May 27, 2007
A riot police armored vehicle is used to spray water against opposition supporters during a protest outside of the National Commission of Telecommunications (CONATEL), in Caracas, Sunday, May 27, 2007. Police broke up an opposition protest using a water cannon and tear gas after hundreds took to the streets Sunday to condemn a decision by President Hugo Chavez to force Radio Caracas Television channel, the sole opposition-aligned TV station with nationwide reach, off the air by not renewing its broadcasting license.
CARACAS, Venezuela --
Police broke up an opposition protest using a water cannon and tear gas after thousands took to the streets on Sunday condemning a decision by President Hugo Chavez to force Venezuela's most widely watched channel off the air.
Soaked protesters scattered while the stream of water swept the street, then sang the national anthem as they returned to face a column of riot police and National Guard troops outside the state telecommunications commission.
Radio Caracas Television, the sole opposition-aligned TV station with nationwide reach, was due to go off the air at midnight because Chavez refused to renew its broadcast license.
Police said some of the protesters threw rocks and bottles, prompting them to respond with the water cannon. Police said at least four officers were lightly injured.
Inside the channel's studios, meanwhile, TV personalities embraced, wept and chanted "freedom!" before the cameras, mixing an emotional on-air goodbye with denunciations of Chavez's government.
"We are living an injustice," said Eyla Adrian, a 35-year-old presenter, her eyes welling with tears. "I wish that tonight would never come."
Chavez said he is democratizing the airwaves by turning RCTV's signal over to a public service channel.
"That television station became a threat to the country so I decided not to renew the license because it's my responsibility," Chavez said in a speech over the weekend.
RCTV's top executive, Marcel Granier, said Chavez's decision "marks a turn toward totalitarianism."
The socialist president and his supporters accuse RCTV of supporting a failed 2002 coup, violating broadcast laws and regularly showing programs with excessive violence and sexual content.
In 2002, RCTV and other private channels broadcast opposition calls for protests to overthrow Chavez while giving scant coverage to Chavez's return to power amid protests by his supporters.
Andres Izarra, who now heads the state-financed channel Telesur, said he quit his job as a newsroom manager at RCTV because he was disgusted with the way "everything was censored" during the coup.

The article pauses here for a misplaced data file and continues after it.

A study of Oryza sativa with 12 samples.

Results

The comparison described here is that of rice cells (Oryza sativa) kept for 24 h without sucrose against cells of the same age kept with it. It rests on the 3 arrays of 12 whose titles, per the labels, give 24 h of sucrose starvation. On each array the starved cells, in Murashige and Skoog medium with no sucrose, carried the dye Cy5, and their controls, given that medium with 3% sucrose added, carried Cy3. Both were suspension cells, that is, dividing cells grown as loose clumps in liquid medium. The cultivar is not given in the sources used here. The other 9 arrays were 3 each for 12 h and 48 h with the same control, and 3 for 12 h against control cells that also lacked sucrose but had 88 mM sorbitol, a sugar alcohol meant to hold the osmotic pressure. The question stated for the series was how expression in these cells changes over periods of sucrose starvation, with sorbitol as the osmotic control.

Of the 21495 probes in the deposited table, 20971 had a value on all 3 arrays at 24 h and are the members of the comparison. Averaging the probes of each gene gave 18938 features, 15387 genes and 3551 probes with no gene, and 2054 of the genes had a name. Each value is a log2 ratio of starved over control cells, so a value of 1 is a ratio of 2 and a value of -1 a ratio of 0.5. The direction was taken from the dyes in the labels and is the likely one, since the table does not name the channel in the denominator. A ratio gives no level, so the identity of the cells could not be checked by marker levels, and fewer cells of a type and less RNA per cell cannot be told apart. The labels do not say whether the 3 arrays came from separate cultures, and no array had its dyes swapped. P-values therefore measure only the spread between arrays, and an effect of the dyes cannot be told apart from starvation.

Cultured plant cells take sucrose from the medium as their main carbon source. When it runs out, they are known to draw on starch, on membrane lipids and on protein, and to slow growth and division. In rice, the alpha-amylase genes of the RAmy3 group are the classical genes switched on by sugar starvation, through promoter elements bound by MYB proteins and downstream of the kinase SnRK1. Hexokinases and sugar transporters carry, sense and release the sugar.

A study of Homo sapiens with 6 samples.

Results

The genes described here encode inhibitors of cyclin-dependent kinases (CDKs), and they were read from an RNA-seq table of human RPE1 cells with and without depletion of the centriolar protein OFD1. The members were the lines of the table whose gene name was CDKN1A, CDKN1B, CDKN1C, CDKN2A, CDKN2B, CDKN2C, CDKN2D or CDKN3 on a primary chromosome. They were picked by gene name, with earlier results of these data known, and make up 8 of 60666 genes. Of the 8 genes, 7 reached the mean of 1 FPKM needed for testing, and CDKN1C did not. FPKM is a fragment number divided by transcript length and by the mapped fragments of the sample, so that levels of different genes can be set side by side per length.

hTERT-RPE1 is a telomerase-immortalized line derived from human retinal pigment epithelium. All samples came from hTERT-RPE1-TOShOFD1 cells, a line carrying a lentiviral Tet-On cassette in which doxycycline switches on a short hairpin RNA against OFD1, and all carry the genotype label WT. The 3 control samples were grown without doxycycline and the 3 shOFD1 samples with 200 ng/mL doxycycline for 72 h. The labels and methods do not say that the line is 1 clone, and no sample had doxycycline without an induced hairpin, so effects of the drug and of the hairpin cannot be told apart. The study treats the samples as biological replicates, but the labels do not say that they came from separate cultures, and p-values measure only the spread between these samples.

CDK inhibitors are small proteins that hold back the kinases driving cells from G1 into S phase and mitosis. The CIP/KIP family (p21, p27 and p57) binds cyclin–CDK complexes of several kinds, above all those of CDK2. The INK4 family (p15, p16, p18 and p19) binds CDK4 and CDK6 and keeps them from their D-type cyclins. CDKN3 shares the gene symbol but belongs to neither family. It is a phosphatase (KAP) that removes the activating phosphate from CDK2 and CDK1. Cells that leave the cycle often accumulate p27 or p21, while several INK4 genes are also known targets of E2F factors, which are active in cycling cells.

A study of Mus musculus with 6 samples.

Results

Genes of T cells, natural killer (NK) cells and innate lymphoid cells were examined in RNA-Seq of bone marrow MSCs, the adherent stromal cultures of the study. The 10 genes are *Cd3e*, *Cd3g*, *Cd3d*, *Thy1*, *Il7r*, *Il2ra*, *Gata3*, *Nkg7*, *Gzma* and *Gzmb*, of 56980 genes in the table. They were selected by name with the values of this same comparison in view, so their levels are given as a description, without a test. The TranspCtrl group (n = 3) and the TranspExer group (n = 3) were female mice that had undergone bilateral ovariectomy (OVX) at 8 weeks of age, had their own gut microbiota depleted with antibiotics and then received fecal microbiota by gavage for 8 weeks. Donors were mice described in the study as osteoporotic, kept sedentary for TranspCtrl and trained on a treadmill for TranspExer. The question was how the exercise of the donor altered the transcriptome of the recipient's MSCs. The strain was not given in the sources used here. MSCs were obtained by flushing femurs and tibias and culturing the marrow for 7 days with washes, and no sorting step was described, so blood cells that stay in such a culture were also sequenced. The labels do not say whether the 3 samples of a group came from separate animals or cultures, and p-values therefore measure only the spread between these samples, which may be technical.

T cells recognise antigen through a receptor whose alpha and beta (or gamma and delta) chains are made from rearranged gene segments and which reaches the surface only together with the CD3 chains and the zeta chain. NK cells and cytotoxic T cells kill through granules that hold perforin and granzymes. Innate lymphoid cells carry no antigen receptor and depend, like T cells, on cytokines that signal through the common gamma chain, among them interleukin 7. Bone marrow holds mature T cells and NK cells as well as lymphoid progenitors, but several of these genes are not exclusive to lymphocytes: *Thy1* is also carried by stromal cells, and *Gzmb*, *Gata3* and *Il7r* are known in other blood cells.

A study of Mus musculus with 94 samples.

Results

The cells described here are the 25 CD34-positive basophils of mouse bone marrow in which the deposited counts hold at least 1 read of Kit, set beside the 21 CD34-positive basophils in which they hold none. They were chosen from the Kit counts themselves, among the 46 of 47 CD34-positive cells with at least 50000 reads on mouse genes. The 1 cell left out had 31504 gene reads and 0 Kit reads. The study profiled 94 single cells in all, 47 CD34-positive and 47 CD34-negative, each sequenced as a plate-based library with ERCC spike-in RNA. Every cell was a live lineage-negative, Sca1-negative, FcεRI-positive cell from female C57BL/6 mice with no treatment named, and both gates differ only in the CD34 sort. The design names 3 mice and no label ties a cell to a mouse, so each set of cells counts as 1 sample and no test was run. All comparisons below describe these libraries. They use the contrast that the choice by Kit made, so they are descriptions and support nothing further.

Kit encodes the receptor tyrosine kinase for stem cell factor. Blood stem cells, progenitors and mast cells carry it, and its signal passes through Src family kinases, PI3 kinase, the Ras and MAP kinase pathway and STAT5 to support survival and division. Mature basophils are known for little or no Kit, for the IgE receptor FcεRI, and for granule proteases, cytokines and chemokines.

"The order was 'zero Chavismo on the screen.' Nothing related to Chavez, his allies, his congressmen, members of his party," Izarra said. "When I hear the owners of RCTV talk about freedom of expression, it seems to me a great hypocrisy."
Granier insisted his channel has never sought to destabilize the government.
Hundreds of protesters gathered at the station's studios to condemn the shutdown.
"I want to live in a free country," said Elianna Castro, a 17-year-old student who said RCTV is one of the few channels that airs complaints about problems like rampant crime.
Thousands of red-clad government supporters held demonstrations elsewhere to show support for the measure.
"RCTV was exclusionist. You never saw blacks or Indians on its screens, and its programming promoted violence," said Gerardo Sanchez, 52, a student in a state cultural program. Dozens of Chavez supporters on motorcycles roared through Caracas in a caravan, waving red flags.
RCTV, founded in 1953, is Venezuela's oldest private TV station and has regularly been the top channel in viewer ratings. But Chavez calls its soap operas "pure poison" that promote capitalism.
Venezuela's Supreme Court has ruled that the replacement station can use RCTV's broadcasting equipment and told the military to guard it.
Granier denounced the seizure of transmitting equipment by troops. "That is theft," he told reporters.
Most Venezuelan news media are in private hands, including many newspapers and radio stations that remain staunchly critical of Chavez. But the only other major opposition-aligned TV channel is Globovision, which is not seen in all parts of the country.